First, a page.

COVID-19: The data deficit

COVID-19: The data deficit

Sophie Heading | Expert,

How long will this last? Has the government of [Country X] gone too far? Have they not gone far enough? Are you a social pariah for going out for your morning coffee? How far should you go to #FlattenTheCurve?

All valid questions, and around the (virtual) dinner table, my personal views are closer to this article from STAT, “A fiasco in the making? As the coronavirus pandemic takes hold, we are making decisions without reliable data.”

But I am not a health expert, and I don’t want to wade into the debate around the economic value (or cost) of a human life. For business though, I think two of the fundamental points outlined in the article hold true: first, we are making decisions without reliable data; second, better information is needed to guide decisions and to monitor their impact.

We all know this in theory, but in practice we have a tendency to rely on intuition over data; 71 percent of respondents to our 2019 CEO Outlook survey indicated they have overlooked insights provided by data and analytics in the past three years because they contradicted their intuition. Which means we can fall prey to any number of behavioral biases and heuristics in our decision-making – like overestimating the probability of some relevant event (overconfidence bias), or estimating the probability of an event by the ease with which instances of that event come to mind (availability bias).

Even more relevant to our current environment is that our judgement of risk is not based solely on what we think, but also how we feel. Which plays out in several ways: although risk and benefit are often positively correlated in the real world, in our heads, they tend to be inversely related (i.e. high risk means low benefit). When we express information in terms of relative frequency (e.g. 10 in 100), we judge it as more ‘risky’ than when it is expressed as a probability (10 percent). We also become more sensitive to possibility, rather than probability, which means very small probabilities carry far greater weight.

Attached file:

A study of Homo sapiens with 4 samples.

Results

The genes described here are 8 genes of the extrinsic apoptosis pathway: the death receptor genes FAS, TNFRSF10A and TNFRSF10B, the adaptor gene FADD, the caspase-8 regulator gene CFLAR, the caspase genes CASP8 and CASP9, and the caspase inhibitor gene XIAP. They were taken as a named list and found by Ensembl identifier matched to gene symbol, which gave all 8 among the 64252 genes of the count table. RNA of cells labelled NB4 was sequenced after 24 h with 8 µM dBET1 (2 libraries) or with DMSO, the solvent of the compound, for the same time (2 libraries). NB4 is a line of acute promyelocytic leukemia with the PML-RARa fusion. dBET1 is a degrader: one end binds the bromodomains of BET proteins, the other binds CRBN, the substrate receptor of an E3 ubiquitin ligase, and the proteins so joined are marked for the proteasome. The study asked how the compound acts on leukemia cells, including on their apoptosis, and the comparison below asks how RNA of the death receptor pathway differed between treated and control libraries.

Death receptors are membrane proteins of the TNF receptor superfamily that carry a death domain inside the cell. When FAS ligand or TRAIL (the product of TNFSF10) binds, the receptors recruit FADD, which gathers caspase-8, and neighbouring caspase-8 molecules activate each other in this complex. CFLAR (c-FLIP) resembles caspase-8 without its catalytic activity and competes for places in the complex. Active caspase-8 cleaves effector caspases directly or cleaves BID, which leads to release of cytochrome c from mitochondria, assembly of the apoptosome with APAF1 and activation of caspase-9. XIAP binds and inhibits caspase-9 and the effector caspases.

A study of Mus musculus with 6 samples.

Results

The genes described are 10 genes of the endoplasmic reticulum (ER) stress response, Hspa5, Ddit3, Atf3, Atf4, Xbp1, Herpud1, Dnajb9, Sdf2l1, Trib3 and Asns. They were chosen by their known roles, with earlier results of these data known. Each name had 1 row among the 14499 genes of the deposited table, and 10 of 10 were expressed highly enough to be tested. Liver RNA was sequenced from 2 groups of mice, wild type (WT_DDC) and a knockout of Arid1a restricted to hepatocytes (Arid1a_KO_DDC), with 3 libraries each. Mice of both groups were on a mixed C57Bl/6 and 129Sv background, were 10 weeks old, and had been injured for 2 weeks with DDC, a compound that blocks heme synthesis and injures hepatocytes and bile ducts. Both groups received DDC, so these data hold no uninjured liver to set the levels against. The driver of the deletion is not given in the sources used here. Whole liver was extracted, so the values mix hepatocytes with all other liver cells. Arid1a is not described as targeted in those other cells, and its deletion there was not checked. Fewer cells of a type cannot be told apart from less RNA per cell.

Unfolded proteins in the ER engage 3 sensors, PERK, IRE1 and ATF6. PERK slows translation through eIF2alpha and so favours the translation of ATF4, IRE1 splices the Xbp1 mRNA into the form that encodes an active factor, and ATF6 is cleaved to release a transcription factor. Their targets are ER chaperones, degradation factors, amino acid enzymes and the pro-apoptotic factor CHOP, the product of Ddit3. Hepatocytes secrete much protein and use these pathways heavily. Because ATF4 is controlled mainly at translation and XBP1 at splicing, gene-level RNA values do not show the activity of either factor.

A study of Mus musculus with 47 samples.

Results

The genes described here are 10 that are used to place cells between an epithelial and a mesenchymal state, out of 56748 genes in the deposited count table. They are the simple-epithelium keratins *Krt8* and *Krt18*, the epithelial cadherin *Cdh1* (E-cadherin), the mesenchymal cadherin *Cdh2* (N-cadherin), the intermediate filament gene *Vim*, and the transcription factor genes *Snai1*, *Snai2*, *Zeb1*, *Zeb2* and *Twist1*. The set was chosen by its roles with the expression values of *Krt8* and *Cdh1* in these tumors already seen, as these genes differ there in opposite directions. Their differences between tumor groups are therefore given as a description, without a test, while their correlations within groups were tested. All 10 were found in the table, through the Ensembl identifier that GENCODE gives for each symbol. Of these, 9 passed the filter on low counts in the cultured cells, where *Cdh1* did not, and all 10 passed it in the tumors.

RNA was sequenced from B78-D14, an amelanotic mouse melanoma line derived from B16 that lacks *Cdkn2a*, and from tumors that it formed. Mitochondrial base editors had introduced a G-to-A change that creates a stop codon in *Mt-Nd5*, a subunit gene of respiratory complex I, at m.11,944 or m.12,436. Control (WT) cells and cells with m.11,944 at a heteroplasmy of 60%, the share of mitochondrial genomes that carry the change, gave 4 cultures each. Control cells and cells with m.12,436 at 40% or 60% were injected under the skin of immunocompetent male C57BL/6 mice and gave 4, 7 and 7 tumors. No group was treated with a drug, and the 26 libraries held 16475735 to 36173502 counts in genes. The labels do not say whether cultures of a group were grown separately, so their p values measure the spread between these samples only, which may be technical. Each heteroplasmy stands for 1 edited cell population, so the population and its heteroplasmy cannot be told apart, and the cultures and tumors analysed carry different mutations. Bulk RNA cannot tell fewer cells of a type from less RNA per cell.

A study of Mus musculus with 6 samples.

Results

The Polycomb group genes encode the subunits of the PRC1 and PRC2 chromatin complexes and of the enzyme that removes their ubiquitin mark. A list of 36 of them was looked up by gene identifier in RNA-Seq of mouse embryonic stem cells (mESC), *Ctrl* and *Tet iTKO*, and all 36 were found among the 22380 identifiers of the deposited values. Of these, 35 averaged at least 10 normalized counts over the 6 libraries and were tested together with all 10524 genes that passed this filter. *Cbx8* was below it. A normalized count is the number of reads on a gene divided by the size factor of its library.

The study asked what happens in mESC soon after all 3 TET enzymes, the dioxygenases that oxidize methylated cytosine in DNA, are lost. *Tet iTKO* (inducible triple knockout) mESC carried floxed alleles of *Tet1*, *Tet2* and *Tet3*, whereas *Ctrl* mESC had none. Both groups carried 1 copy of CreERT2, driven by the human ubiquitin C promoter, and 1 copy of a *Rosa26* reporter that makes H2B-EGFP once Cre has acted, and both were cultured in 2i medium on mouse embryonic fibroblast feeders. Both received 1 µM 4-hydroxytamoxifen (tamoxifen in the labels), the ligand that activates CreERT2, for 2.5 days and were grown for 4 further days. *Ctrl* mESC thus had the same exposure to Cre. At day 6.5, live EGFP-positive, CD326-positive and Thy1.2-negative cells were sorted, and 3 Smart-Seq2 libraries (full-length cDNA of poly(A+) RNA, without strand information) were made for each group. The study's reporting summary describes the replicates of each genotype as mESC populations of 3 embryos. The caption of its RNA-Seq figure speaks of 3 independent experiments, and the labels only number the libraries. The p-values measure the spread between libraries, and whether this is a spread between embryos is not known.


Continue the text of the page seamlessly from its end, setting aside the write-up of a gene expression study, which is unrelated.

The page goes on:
Decision-making can still certainly benefit from ‘gut’ feel, and there is no doubt that a degree of human empathy needs to be taken into account when preparing your response. But it is data that will provide more certainty amidst an uncertain and fast-changing environment. So, what do you need to measure and monitor?

As usual, this depends on your geography and your sector, so this list can’t attempt to be exhaustive, but it can be helpful to frame your thinking into three key categories:

  1. Forward-looking: this is a time where predictive analytics can truly ‘make or break’ a company. The most important analysis you can undertake - at what point (if any) under which scenarios is the continuation of operations no longer viable, and suspending business activities is preferable?

    For many private enterprises, detailed analyses of future working capital and cash-flow requirements are being conducted – to inform the consideration of how to: optimize the availability of tax incentives; identify alternative financing sources; ensure access to all available government incentives and programs; and recognize expense-reduction opportunities.

  2. (Near) Real-time: inventory data, customer demand, supplier capability, and system performance category alerts. In the retail sector, the ability to manage demand has never been more important; some retailers are seeing demand fall away and customers shift channels, others are facing unprecedented spikes in demand.

    Simulations can be run swiftly to identify “sweet spots” between apparently conflicting objectives, based on real-time data. Increasingly enabled by AI and automation, these scenarios can help prescribe rather than just predict.

  3. Rear-view mirror: COVID-19 is a perfect example of a ‘structural break’ - an unexpected shift in time-series data when patterns among historical variables change. Leading to the unreliability of the model and significant forecasting errors, and fundamentally impacting assumptions and planning (the phrase ‘blindsided’ comes to mind here).

So, historical data needs to be taken with a grain of salt at times. But it can still inform future decisions. Monitoring and measuring how you come through this crisis will be critical to ensuring your eventual rebound and embedding longer-term resilience. Take the chance to measure and evaluate business (in)efficiencies stemming from alternate models of work.